15 Oscar Red Carpet Gowns That Didn't Even Try To Look Like Clothing

Even the most talented couture designers make sartorial missteps, and at no time are these mistakes more evident than during awards season. In their haste to create something memorable and buzz-worthy, occasionally designers take a step too far and create a look that is talked about for all the wrong reasons. In honor of the upcoming 2015 Oscars red carpet on February 22, here are 15 ensembles from Academy Awards past that regrettably appear to look nothing like actual clothing.

by Tyler Atwood

Helena Bonham Carter's British Flag-Accented Robe

Call it a patriotic statement, a shredded bathrobe, or a glorified corset, but this garment barely qualifies as a red carpet gown.


Anne Sweeney's Surgical Gown

The reasoning behind Anne Sweeney’s split navy gown with crimson underlying is clearly quite innovative, but in reality the gown appears to be a horrifying Halloween costume.


As much as I admire Viola Davis’s sartorial choices and on-screen talent, the actress’s lurid green Vera Wang gown looked more like an asparagus tip than an ensemble.


I understand the impetus behind Laura Gorenstein Miller’s tiered mint gown, but the creation too closely resembles a head of lettuce to achieve “Best Dressed” status in my book.


Perhaps if Melissa Leo’s gown were more fitted or less stiff, the ensemble would have been a match made in heaven. However, in reality the look was incredibly akin to hole-punched thick stock white paper.


Simply because a haute couture designer created a confection does not necessarily makes the piece aesthetically pleasing. Case in point: Uma Thurman’s 2004 Christian Lacroix design appeared more like a belted duvet cover than a gown.


Bjork's Swan Song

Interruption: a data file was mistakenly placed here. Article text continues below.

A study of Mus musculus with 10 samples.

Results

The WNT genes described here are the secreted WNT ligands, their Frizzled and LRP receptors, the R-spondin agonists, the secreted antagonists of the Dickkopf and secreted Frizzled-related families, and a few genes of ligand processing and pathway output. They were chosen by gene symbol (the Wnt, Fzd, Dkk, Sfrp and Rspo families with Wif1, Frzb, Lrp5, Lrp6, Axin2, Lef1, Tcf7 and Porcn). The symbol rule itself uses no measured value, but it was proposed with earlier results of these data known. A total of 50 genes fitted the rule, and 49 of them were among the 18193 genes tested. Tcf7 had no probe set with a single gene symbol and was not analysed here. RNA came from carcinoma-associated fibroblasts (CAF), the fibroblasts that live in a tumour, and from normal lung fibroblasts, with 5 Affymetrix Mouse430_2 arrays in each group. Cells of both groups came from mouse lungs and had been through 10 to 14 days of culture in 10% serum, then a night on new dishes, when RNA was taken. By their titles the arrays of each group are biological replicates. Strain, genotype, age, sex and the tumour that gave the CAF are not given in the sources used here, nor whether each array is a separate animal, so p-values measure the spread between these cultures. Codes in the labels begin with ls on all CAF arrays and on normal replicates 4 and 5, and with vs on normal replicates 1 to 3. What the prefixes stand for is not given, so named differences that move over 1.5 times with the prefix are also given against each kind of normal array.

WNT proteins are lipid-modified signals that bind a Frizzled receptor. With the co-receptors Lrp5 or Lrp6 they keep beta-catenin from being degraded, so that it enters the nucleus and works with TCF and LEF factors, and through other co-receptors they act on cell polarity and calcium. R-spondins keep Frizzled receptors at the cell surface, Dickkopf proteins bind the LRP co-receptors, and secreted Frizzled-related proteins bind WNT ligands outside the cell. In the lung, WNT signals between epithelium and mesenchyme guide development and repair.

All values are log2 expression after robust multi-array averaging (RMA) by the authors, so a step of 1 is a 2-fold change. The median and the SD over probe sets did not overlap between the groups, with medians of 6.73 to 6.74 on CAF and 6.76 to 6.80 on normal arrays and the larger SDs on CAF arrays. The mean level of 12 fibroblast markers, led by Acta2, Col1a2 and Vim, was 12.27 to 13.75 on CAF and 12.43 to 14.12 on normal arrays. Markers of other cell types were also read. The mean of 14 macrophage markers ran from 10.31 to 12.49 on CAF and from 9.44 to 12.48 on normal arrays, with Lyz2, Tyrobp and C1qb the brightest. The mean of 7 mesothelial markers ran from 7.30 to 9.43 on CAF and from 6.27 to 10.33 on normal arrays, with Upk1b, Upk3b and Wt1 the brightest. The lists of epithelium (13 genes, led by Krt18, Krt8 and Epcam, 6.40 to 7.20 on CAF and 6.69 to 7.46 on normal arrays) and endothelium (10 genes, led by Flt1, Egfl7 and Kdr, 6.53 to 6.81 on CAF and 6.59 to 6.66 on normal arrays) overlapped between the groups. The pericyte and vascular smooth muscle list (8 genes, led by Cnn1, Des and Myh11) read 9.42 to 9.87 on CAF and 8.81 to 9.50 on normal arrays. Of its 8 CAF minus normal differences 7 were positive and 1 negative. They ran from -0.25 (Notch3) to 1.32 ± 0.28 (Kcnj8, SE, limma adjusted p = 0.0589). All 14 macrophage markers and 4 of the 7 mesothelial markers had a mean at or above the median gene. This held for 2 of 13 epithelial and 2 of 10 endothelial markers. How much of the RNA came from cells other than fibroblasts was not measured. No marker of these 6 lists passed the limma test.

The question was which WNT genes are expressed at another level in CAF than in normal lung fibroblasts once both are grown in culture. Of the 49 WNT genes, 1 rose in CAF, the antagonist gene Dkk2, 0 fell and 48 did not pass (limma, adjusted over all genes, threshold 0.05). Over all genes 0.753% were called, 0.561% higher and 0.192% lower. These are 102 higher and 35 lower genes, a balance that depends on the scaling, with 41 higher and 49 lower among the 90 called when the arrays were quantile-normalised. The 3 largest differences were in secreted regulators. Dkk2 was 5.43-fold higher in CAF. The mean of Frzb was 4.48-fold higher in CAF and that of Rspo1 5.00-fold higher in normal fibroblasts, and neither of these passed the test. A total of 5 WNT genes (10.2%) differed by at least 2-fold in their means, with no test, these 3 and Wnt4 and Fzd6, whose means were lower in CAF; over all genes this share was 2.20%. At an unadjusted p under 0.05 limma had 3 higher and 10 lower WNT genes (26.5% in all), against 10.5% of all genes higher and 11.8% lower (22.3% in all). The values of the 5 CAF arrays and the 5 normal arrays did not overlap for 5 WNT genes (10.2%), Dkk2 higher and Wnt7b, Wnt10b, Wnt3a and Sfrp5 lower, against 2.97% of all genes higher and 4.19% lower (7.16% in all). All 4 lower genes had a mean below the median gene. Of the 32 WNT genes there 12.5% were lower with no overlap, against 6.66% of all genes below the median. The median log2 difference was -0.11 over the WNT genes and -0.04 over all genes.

Much has been made of Bjork’s swan gown, but the simple conclusion is this: the “gown” was little more than a stuffed animal sewed onto a skating costume. However, Bjork can get away with such a bizarre statement because she’s Bjork.


Brandi Glanville's Pasties

Forget qualifying Brandi Glanville’s Oscar ensemble as a dress; the look barely constituted clothing, let alone a couture gown.


Sally Kirkland evidently enjoyed performing Salome’s “Dance of the Seven Veils” on the Oscars red carpet, not once showing remorse for the fact that her ensemble didn’t actually feature clothing.


I do appreciate the rich crimson hue of Selma Blair’s look as well as its ’20s connotations, but the fact remains that the dress is little more than a knotted, twisted ball or yarn.


Even Tilda Swinton appeared genuinely distressed to be dressed in what looked remarkably like a black velvet drapery of some sort.


Jennifer Lopez's Space Suit

Far be it for me to criticize the work of Giorgio Armani, but Jennifer Lopez’s 2004 Oscar gown did resemble a sort of space suit at certain angles thanks to its bubble wrap-esque fabric and avant-garde design.


Angelina Jolie's Mourning Shroud

Why Angelina Jolie chose to wear a mourning shroud as a gown is anyone’s guess.


Faith Hill's Rainbow Bird

Faith Hill’s decision to wear a rainbow-plumed bird to the Oscars was certainly a questionable one.


The lack of clothing in Pamela Anderson’s 2001 Oscars ensemble was all the more apparent when the star stood next to the elegantly attired Elizabeth Hurley, who did remember to clothe herself before she walked out the door.